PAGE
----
The junta-run Central Bank of Myanmar has revoked the licenses of 10 foreign exchange companies, state-controlled newspapers said Thursday.
In Wednesday’s announcement, the bank said the forex firms had not complied with the central bank’s orders and instructions.
It named the companies as Kannan Trading; Net Change; Thiri Aung Si; Riverwood Group; Global Myanmar Services; D-Gold; Aurum Image; Hi Welcome Travel; & Tours Sweeties Pearls; and Chase Travels & Tours.
Although the statement said the licenses were revoked according to a decision of the executive committee, it did not mention what orders and instructions were violated.
RFA contacted the companies whose licenses were revoked but they did not respond.
An entrepreneur holding a foreign exchange license, who did not want to be named for security reasons, called the central bank’s current forex policy “unstable.”
“They shut [companies] If they want to. We do not know what for,” he said.
“But there is one thing that they should explain. Why was it not in accordance with the rules and regulations?”
At present, the central bank allows foreign exchange companies to exchange one U.S. dollar for 2,100 Myanmar kyat.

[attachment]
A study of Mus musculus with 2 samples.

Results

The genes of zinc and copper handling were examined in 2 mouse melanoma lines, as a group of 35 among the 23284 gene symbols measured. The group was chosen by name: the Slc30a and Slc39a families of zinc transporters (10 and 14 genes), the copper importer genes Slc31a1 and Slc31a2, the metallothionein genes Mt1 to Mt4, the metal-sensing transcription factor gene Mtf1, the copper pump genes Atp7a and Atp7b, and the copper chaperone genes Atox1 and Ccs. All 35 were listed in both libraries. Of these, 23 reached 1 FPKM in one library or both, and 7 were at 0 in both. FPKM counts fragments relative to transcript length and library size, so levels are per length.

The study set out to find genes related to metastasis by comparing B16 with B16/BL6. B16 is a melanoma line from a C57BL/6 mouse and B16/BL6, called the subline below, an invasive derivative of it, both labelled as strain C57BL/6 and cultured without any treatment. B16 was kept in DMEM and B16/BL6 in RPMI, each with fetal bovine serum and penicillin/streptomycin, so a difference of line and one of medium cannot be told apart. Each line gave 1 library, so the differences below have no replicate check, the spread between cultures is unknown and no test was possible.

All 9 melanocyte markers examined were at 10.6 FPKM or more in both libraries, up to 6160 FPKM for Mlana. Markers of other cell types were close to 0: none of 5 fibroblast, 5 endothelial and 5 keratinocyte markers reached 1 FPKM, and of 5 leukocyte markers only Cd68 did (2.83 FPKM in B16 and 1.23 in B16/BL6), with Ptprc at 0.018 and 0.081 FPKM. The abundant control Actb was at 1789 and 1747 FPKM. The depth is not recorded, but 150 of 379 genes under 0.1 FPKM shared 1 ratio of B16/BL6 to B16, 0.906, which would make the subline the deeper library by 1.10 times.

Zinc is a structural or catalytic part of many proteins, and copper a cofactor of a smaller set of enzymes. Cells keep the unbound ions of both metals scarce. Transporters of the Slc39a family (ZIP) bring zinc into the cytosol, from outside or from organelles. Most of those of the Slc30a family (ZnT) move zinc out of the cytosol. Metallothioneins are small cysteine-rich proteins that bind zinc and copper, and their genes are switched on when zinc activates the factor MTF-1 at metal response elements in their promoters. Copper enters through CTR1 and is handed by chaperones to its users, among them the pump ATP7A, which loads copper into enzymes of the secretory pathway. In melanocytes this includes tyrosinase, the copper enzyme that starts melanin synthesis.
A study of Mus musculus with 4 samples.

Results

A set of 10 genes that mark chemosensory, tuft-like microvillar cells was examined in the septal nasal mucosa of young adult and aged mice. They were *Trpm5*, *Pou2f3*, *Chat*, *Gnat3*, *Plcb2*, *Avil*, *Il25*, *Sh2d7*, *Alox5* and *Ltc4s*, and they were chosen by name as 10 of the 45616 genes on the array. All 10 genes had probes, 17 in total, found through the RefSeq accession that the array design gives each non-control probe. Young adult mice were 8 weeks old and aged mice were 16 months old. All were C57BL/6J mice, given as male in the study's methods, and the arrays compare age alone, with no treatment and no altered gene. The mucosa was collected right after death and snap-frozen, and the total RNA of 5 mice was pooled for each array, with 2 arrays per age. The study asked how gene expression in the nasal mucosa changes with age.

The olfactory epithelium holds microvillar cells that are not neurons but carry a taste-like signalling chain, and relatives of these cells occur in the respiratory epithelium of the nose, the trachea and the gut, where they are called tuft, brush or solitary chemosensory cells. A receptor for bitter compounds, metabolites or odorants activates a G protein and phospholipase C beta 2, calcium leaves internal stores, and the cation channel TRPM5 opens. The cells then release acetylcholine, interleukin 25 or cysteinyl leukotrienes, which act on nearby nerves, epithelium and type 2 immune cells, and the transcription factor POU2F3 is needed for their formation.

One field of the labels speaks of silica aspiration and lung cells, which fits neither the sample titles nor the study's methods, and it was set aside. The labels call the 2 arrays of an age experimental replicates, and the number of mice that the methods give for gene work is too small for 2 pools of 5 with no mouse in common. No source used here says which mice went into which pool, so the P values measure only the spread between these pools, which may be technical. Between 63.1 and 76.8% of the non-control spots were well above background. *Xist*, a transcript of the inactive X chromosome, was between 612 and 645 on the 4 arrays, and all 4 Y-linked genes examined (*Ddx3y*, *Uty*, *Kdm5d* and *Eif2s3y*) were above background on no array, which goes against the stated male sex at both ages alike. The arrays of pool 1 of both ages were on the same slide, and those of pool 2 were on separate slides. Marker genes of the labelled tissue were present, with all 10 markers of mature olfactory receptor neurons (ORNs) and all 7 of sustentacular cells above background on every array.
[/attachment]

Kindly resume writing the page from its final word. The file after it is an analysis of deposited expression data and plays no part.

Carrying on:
Firms are not allowed to change more than $10,000 per day and must be able to show the transactions list during investigation.
Last March, the business licenses of 20 money exchange companies were revoked for failing to comply with the central bank’s orders and instructions.
And on June 21, the U.S. Treasury Department announced it was adding the junta’s Ministry of Defense, and the regime controlled Myanma Foreign Trade Bank (MFTB) and Myanma Investment and Commercial Bank (MICB) to a sanctions blacklist in connection with the Myanmar military’s purchases of arms from foreign sellers “including sanctioned Russian entities.”
The dollar rose 7.3% against the kyat in the following 24-hours.
Two days later, the central bank said authorities had arrested 51 people for allegedly trying to cash in on the sudden spike in the price of dollars.
It said foreign exchange speculators in Yangon and Mandalay, foreign currency dealers, people transferring money and officials from three companies had been prosecuted.
The Central Bank of Myanmar said its currency market monitoring team took action in accordance with the anti-money laundering and foreign exchange management laws.
Also on June 23, in a move aimed at slowing the outflow of foreign currency the junta’s commerce ministry announced that importers at northeastern Myanmar’s border with China would have to pay for goods using their local bank accounts from Aug. 1.
Junta Deputy Information Minister, Major Gen. Zaw Min Tun, told state-controlled media last month that the U.S. sanctions were aimed at triggering a political and economic crisis in Myanmar.
Translated by RFA Burmese. Edited by Mike Firn.